Best Raw Photo Editing Software
- Wed, 8 Sep 2010
When shooting, capturing Raw files ensures that you can maintain greater control of your final images. Raw doesn't just permit a greater scope for post-production due to the higher amount of data in the file, but permits sharpness and image noise control that, if shooting in JPEG-only mode for example, may otherwise be compromised given the camera's often limited internal processing.
Contrary to belief, processing Raw files needn't be time-consuming. As files can be dealt with in batches it's possible to apply the same basic processing and then make localised adjustments to single images at a later date. The best part is that all work on Raw files is non-destructive because the original file never vanishes and can always be restored back to its ‘as shot', unprocessed status.
Once you've started shooting Raw its benefit is immediate, and the workflow process becomes second nature - assuming you have the right software installed.
Current programs allow for import, batch processing, keyword application and, often, significant levels of post-production control without the need to venture into a separate image editor, including ‘auto' processing to produce the best results at the click of a button.
To speed things up further the option to quickly ‘earmark' best images, reject and even quick-preview images full screen, at 100% without leaving the program, is a prominent feature that makes browsing potential shots for approval all the speedier. Powerful computer setups with a lot of RAM and a fast processor will make such previews seemingly immediate, whatever the image's size, making the investment of good gear all the more important to run software to its best ability.
Round Up: Best Raw Photo Editing Software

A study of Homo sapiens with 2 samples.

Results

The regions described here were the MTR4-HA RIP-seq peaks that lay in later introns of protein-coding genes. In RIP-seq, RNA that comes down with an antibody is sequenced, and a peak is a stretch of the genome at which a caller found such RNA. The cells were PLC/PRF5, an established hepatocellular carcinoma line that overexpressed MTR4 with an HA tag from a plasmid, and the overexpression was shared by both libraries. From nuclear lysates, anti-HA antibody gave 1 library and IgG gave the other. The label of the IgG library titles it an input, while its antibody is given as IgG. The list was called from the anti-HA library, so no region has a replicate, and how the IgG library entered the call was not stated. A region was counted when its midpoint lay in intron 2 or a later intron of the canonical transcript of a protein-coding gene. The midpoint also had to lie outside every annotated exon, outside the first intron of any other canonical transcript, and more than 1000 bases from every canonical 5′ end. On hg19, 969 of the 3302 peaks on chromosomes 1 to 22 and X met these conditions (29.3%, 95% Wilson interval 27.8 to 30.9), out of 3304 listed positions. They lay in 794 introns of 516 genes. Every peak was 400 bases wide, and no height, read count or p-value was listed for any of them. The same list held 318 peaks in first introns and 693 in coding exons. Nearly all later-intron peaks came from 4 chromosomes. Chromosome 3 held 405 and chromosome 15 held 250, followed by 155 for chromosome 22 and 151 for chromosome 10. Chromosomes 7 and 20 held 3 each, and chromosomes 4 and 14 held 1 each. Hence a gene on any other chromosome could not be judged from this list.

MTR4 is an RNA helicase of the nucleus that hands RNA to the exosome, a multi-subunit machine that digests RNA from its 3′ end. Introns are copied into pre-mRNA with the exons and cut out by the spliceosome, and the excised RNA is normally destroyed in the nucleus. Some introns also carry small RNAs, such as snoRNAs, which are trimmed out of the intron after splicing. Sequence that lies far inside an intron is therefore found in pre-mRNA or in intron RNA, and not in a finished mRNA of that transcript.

Many programs now have the ability to process Raw files, allowing them to be both viewed and converted. The real benefit of Raw is the versatility of the file, allowing a large number of changes to be made due to the significant amount of data in the file. There are several programs dedicated to quick adjustments of files rather than in-depth editing.
Adobe Photoshop Lightroom 3 (Mac & PC) £233
The latest incarnation of Adobe's Raw software sees full 64-bit use on Mac or PC with speedy imports of a variety of image formats, including a huge array of Raw files (updated frequently for new camera compatibility). Improved Adobe Camera Raw 6 means better noise reduction, and quite a few post-production tools feature - including spot/heal brush, lens correction, post-crop vignetting and many more.
Apple Aperture 3 (Mac only) £169
Almost like an ‘iPhoto Pro', Aperture 3 adds ‘Faces' and ‘Places' features for face recognition and GPS data mapping. Brushes, adjustments and a full screen browser also feature, with a Photobook design module also coming up trumps. Not the fastest at dealing with batch files, though the inclusion of video importing (with some editing) is a feature not seen to the same extent elsewhere.
DxO Optics Pro 6 (Mac & PC) £135 (Standard) / £269 (Elite)
Somewhat similar to Lightroom in terms of functionality, DxO Optics Pro 6 adds optical correction, exposure optimisation and a variety of presets to your controls. An excellent customisable user interface where panels can be moved at your leisure makes for great use. However, the noise reduction is perhaps a bit more over-zealous than the competition, resulting in marginally softer images, and adjustments can be slow to apply.
Bibble 5 Pro (Mac, PC & Linux) £133 ($199)
A lesser-known program, though one not to be overlooked. Compatible with Mac, PC and even Linux, any operating system can handle Bibble. An alliance with Noise Ninja means that Bibble's image noise reduction capabilities are exceptional, though other more complex post-production features are lacking when compared to the competition. The interface, too, feels a little distant and less intuitive than other software.
Phase One Capture One Pro 5 (Mac & PC) £280
A long-standing favourite with studio photographers thanks to its tethered shooting capability, Capture One Pro is often aassociated with medium format users. As pro as it is, however, there are many features for easy organisation and top-notch post-processing. An individual colour channel adjustment capability also sees colour control escalated to heady heights, though presets and output does tend to rest on the ‘flat' side.